As I'm sure everyone on Meta has read, there's been quite a lot of confusion about whether or not puzzles are on-topic on Puzzling.SE. The latest information right now is from Robert Cartaino saying that everything's OK as it is - don't panic and the rest of this post assumes that things sort themselves out and everyone just needs to calm down and be happy :-)
Please have a quick look at the State of the Puzzling.SE rules thread as it summarises a number of other things which also need discussion. I'm just focussing on 3 very basic, core things we need to discuss and decide.
The really positive thing that has come out of the busy day today is that there's been a lot of discussion on some key principles that I think really should be discussed, agreed and formalised ASAP - there are a few really important decisions we need to make as a community.
We need something clear that we're working towards. If we can't agree on the point of the site, we're only going to disagree on everything else. I personally really like Bmyguest's phrasing:
We help puzzlers to become better. Better at building puzzles, better at understanding puzzles, and better at solving puzzles.
He's since posted this slightly tweaked version:
We help puzzlers to become better through practice, critique, and discussion. Better at building puzzles, better at understanding puzzles, and better at solving puzzles.
This may need a little adjusting to also include people who want to discuss puzzle theory, but whatever we go with we really need to be absolutely clear on what we're trying to do.
2. What is a good (or bad) puzzle?
All puzzles fall into three categories, calculation, interpretation, and assumption.
The first category consists only of puzzles with nothing left to interpretation. There is exactly one answer and there can only ever be one right answer. The author is not needed to confirm it, because the answer is obviously the only possible solution once discovered.
The next category is interpretation. People are often going to guess this kind of question wrong, but sometimes in a way that is constructive and fun. A great incorrect answer will fit the majority of criterion, but never all. The correct answer will prove to perfectly fit the criterion presented with few red herrings if any. Good riddles will almost always fall into this category.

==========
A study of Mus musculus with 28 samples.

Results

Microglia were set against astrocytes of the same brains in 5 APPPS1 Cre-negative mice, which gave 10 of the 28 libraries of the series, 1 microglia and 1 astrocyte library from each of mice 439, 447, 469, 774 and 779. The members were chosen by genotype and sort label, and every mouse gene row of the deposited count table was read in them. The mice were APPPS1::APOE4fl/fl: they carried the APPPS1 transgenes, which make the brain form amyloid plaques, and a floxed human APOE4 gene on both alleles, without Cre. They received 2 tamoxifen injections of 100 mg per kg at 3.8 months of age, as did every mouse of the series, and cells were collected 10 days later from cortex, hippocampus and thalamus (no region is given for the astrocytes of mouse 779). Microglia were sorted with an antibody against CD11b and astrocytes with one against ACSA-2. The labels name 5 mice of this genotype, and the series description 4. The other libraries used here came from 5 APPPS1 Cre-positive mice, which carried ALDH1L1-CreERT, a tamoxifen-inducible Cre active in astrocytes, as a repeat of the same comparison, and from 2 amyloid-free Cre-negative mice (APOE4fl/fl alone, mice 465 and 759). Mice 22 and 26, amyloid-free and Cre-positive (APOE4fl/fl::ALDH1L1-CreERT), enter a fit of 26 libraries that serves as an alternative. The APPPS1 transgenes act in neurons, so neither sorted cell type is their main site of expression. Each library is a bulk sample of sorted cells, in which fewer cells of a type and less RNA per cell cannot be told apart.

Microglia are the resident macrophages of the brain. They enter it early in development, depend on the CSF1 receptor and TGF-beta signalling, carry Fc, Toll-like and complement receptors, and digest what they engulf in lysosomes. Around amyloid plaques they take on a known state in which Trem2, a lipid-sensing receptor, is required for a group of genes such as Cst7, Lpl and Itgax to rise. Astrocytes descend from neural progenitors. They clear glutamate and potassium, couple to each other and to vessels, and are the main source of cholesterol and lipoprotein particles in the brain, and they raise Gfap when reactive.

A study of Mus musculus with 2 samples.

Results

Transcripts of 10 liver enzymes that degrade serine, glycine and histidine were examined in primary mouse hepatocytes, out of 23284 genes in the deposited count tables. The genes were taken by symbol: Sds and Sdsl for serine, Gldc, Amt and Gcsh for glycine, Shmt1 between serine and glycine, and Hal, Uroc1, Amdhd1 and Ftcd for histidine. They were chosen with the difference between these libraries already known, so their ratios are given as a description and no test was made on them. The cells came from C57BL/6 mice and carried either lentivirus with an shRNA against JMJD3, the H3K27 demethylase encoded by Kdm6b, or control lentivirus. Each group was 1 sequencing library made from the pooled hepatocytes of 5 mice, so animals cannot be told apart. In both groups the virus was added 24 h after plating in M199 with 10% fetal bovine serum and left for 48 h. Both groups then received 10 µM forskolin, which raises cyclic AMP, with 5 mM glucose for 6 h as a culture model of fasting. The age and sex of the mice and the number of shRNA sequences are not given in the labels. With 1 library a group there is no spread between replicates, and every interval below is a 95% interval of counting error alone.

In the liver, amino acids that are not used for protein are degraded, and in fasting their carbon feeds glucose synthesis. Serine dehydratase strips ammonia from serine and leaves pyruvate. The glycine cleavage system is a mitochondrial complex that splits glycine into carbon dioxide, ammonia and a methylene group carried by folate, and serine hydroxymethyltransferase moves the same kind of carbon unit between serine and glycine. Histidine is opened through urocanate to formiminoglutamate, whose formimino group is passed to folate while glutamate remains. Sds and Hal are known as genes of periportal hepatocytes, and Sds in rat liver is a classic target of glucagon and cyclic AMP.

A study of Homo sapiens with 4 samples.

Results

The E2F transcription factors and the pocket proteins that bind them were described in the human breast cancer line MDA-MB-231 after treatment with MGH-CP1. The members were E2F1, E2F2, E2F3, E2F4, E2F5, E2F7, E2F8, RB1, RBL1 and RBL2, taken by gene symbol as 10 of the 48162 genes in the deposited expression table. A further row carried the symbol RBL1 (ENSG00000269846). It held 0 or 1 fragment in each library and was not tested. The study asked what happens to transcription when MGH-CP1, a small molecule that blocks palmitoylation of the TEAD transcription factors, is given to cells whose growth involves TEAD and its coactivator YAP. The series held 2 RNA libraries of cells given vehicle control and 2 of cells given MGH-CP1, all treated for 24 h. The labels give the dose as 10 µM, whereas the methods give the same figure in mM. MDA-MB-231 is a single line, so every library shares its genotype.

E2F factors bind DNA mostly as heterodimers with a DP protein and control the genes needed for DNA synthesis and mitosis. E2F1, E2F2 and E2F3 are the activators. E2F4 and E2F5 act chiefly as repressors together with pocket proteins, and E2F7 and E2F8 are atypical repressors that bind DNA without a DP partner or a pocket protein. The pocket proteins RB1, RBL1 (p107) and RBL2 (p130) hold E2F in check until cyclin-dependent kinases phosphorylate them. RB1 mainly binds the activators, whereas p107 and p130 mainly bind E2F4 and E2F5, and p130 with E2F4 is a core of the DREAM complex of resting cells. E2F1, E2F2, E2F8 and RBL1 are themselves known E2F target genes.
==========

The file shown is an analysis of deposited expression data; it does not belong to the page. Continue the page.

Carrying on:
The final category, assumption, can be defined as a puzzle with a low clue to crap ratio or a puzzle whose clues do not lead to a definite answer
If we formalise these terms for puzzles (Calculation, Interpretation, Assumption) we can make Assumption puzzles off-topic, which Calculation and Interpretation are on-topic.
There is also the question of is it a puzzle or just math - I won't repeat my post, just click the link for my opinion.
Obviously an answer should ... well, answer the puzzle. However, since we're not just interested in the answer, I believe we should require an explanation of the answer.
Just saying "It's 42" is not an answer.
Saying "It's 42 because when you add all the digits together, they total 42" is a much better answer.
The best answer (in my opinion) is this (not quoted because it messes up formatting):
How do I work out the answer?
The question says "xyz" which means you should add all the digits together
Right! So that means the answer is...
...although I'm fully aware that not everyone agrees. A policy on how we should (or probably more importantly, how we should not) be spoilering is important. One of the hot topics is "full-post spoilers" which are generally agreed to be bad - does anyone have any good reasons why we should continue to allow them?